Sadiq al-Mahdi's political career is one of the longest in modern Sudanese history, including two stints as prime minister. But amid an unprecedented upheaval that has seen mass street protests and a military coup, al-Mahdi says he will step away from partisan politics.
With a people-led revolution still rocking Sudan, former prime minister Sadiq al-Mahdi – the country’s last democratically elected leader – might be expected to jump back into the political horse race.
The 83-year-old leader has a reputation as a political survivor, and returned to Sudan in December from a year in self-imposed exile amid massive anti-government protests. But instead he says it's time for him to have a different role.
Not only has his opposition Umma party declined to be part of any transitional government but, al-Mahdi himself says he will not run in any future elections.
"I will have no post in the transition, or in the coming elections. In fact, I am looking for a different career ... I will stand down in such political, partisan, and executive roles," he said.
A new era for Sudanese politics
The announcement, made in a wide-ranging interview for VOA, marks a new era for politics in Sudan.
Al-Mahdi has played a central role in Sudan’s political life for over a half century.
He was prime minister from 1966 to 1967, and again from 1986 until 1989, when he was ousted by an alliance of Islamists and the military led by former president Omar al-Bashir.
Bashir ruled for nearly 30 years and was accused of corruption and committing war crimes in Sudan’s Darfur region.
The army ousted him in April after citizens across the country staged months of street protests against his rule.
The mass demonstrations continue today as protesters are demanding the Transitional Military Council hand power to a civilian government.
Although al-Mahdi is not taking a leading role in the protests since his return to Sudan, he has nothing but praise for the revolution.
"This last revolutionary movement lasted for four months and this is longer than any period in the past ... Such phenomena is completely new to Sudanese politics. And also, what's new to it is the role of the youth. I thought the youth under this regime had their future stolen ... I thought they were a lost generation. In fact, they surprised me by being so dynamic and so patriotic ... It looks and is an expression of the return of the soul of Sudan ... There is a restoration of hope and honor for the country," he said.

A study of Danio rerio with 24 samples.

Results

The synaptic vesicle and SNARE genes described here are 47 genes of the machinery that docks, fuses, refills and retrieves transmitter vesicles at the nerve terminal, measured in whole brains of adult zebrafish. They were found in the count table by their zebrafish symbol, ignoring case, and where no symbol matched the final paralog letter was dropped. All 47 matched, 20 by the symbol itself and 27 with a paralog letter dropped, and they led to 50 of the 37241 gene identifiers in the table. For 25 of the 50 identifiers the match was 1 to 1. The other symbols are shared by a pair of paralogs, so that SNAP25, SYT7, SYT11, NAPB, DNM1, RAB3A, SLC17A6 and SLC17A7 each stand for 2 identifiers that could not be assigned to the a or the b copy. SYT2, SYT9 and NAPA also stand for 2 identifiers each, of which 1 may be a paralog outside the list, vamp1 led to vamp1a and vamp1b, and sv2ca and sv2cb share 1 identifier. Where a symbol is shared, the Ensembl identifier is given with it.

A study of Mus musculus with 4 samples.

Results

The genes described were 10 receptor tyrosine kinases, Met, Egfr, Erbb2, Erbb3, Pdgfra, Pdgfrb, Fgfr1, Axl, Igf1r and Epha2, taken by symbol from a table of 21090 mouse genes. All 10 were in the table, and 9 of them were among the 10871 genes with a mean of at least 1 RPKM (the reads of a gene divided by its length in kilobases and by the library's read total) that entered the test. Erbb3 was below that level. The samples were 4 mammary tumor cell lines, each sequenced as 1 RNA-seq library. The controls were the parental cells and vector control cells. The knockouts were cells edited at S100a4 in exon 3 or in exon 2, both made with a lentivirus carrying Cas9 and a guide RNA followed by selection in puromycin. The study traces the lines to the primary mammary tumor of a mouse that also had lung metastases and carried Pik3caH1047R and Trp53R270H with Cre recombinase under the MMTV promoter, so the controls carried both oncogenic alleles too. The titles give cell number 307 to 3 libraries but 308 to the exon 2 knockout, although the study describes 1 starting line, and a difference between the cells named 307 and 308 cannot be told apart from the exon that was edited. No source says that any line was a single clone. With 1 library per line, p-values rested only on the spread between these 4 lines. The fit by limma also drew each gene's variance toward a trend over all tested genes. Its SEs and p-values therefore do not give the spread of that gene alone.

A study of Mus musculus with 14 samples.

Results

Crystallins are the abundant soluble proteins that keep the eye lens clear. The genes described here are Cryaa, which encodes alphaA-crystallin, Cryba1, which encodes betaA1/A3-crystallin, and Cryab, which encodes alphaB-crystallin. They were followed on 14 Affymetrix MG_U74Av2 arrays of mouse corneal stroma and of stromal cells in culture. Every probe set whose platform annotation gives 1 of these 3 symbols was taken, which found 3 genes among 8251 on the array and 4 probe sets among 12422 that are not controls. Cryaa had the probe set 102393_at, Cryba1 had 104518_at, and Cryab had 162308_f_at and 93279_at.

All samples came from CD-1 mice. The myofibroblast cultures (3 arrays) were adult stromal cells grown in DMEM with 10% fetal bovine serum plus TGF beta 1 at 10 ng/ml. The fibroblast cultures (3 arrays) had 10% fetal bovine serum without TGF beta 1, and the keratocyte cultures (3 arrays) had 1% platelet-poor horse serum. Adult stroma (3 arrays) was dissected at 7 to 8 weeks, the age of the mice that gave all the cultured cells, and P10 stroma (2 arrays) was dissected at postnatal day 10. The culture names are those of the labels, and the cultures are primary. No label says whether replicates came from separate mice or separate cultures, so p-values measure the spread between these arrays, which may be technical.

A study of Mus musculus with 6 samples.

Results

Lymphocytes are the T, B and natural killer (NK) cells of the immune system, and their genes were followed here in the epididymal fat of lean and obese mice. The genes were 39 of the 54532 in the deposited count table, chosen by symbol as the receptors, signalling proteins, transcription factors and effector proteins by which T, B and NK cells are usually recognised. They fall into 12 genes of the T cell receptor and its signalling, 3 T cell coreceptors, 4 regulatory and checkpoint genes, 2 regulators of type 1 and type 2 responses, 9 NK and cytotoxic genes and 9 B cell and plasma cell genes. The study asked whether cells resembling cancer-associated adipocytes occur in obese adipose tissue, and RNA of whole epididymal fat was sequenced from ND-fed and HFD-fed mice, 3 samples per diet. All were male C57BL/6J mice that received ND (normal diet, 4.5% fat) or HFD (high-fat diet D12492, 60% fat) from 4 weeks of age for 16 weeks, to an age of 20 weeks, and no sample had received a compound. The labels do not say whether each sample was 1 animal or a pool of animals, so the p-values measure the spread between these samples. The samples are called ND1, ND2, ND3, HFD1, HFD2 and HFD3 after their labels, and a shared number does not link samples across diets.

The ruling military council has been negotiating with protest leaders on a transitional government to govern until fresh elections.
But despite an agreement Monday on the structure of a transitional authority, violence broke out after nightfall.
Several protesters and one military officer were killed, and dozens of civilians wounded in what witnesses said were attacks by security forces on the demonstration.
Speaking before the attacks, al-Mahdi urged the military and civilians to work together to organize quick elections.
"I think the role of the military who took power, the military council is to hold power, but make for an immediate and quick transformation of executive power to a civilian council of ministers ... Civilians could be as autocratic as military, so what we need is a quick general and free elections so that power is really handed over to the people. Of course, we cannot do that before dismantling the power centers of the outgoing regime. This should be agreed and should be implemented as soon as possible," he said.
Sudan’s protesters have since early April refused to leave their sit-in around the Defense Ministry until a civilian government is in place.
Most do not trust the military to willingly hand over power and point out the military leaders still include those who supported Bashir and atrocities committed in Sudan’s Darfur region.
Sudan’s attorney general’s office on Monday announced Bashir would face charges for protesters killed in the recent demonstration. But the military council has rejected the idea of turning Bashir over to the International Criminal Court, where he faces charges of war crimes and genocide.
Al-Mahdi says the people of Darfur should decide whether Bashir is tried at the ICC or at home.
But the elderly politician cautions that putting Bashir on trial in Sudan may prove difficult.
"The first thing we do is to reform our judicial system so that it can make free and fair trial," he said.
Al-Mahdi says that, after leaving partisan politics, he will write books and attend to other roles he has in various Arab, African, Islamic, and international organizations.
The octogenarian says while the games of politics will be off his schedule, he will stay physically active.
"I also regularly play tennis ... Three times a week. We go Sunday, Tuesday, and Thursday," he said.
Al-Mahdi adds that he is hopeful someone will soon take over his title as Sudan’s last democratically elected leader.
It’s a mantle that he will be happy to pass on.